I assume that your outcomes are categorical. With categorical outcomes, missing data. and a model without covariates, pairwise present data are analyzed. You can deduce the number of observations used by looking at the covariance coverage output and the missing data patterns that are printed with the PATTERNS option of the OUTPUT command.
cindy chan posted on Friday, April 18, 2008 - 10:39 am
Eric Teman posted on Sunday, June 19, 2011 - 3:34 pm
I am not sure what this means 'The default is to estimate the model under missing data theory using all available data. To turn on listwise deletion, specify..' (Mplus manual, p.459-60). Does this suggest that all available data are included in the model and path analysis? If I have, say 80 missing values for one variable and 130 for another, how does the system deal with this inconsistent number of missing data for each variable? Does the system use pairwise deletion as a defualt to analyze the path coefficients? Thanks. pat
I am doing a correlation analysis in mplus. According to my data, I decided to use TYPE=COMPLEX and Pairwise deletion, but I didn't find any option to specify pairwise deletion, does this mean it is not provided in mplus?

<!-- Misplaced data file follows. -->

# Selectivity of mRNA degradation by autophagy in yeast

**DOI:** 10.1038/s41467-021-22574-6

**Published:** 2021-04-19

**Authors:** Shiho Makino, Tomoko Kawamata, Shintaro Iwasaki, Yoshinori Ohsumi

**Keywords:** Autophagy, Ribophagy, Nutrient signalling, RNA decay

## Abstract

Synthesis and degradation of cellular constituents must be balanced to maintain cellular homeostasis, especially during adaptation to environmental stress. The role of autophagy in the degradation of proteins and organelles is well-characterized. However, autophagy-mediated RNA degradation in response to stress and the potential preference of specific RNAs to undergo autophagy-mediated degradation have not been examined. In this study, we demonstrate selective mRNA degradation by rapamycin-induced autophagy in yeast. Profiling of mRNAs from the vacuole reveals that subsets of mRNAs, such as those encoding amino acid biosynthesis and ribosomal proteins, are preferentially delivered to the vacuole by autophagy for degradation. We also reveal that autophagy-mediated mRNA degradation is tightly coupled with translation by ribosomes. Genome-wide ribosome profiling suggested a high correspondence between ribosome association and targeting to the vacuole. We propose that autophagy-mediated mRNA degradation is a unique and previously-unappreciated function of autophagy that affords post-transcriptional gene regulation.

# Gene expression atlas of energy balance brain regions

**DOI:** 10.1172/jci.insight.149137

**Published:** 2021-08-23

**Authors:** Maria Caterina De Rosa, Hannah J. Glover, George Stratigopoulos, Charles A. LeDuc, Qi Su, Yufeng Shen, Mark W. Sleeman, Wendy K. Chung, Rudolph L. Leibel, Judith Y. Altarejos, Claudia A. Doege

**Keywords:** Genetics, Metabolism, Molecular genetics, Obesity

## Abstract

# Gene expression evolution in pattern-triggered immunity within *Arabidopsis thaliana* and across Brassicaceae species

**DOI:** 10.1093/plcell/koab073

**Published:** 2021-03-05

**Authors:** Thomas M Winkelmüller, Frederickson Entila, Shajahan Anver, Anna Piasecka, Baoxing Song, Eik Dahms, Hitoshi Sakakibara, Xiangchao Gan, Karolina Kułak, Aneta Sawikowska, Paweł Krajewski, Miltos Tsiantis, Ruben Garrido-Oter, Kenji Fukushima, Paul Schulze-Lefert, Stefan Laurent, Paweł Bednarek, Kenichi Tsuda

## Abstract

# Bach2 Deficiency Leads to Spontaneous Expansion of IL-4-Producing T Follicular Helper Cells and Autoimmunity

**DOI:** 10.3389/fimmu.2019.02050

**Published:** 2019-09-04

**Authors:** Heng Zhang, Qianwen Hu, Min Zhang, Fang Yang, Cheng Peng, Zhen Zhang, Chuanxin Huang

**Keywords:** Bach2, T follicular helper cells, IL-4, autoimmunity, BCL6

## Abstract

If you want pairwise deletion, you will need to do it yourself. We do not have that option.
John C posted on Wednesday, May 09, 2018 - 11:39 am
I have a few questions on the default missing data mechanism for categorical outcomes using weighted least squares estimation.
In the user guide, it says "For censored and categorical outcomes using weighted least squares estimation, missingness is allowed to be a function of the observed covariates but not the observed outcomes. When there are no covariates in the model, this is analogous to pairwise present analysis."
1 - when there are no covariates, in what sense is this only "analogous," but not equivalent to, pairwise missing?
2 - when there are covariates, how is this no longer analogous to pairwise present?
3 - is there a paper I can cite for more information on this mechanism?
1. The idea is that regular pairwise implies that you estimate means/thresholds, variances, and correlation for those subjects. In our weighted least squares, thresholds are estimated for everyone having observations on that variable, leaving the correlation estimation for the subjects with complete data on both variables.
2. If the covariates predict missing on the outcomes, we have (an approximation to) ML under MAR.
3. No paper on this specifically as far as I can recall.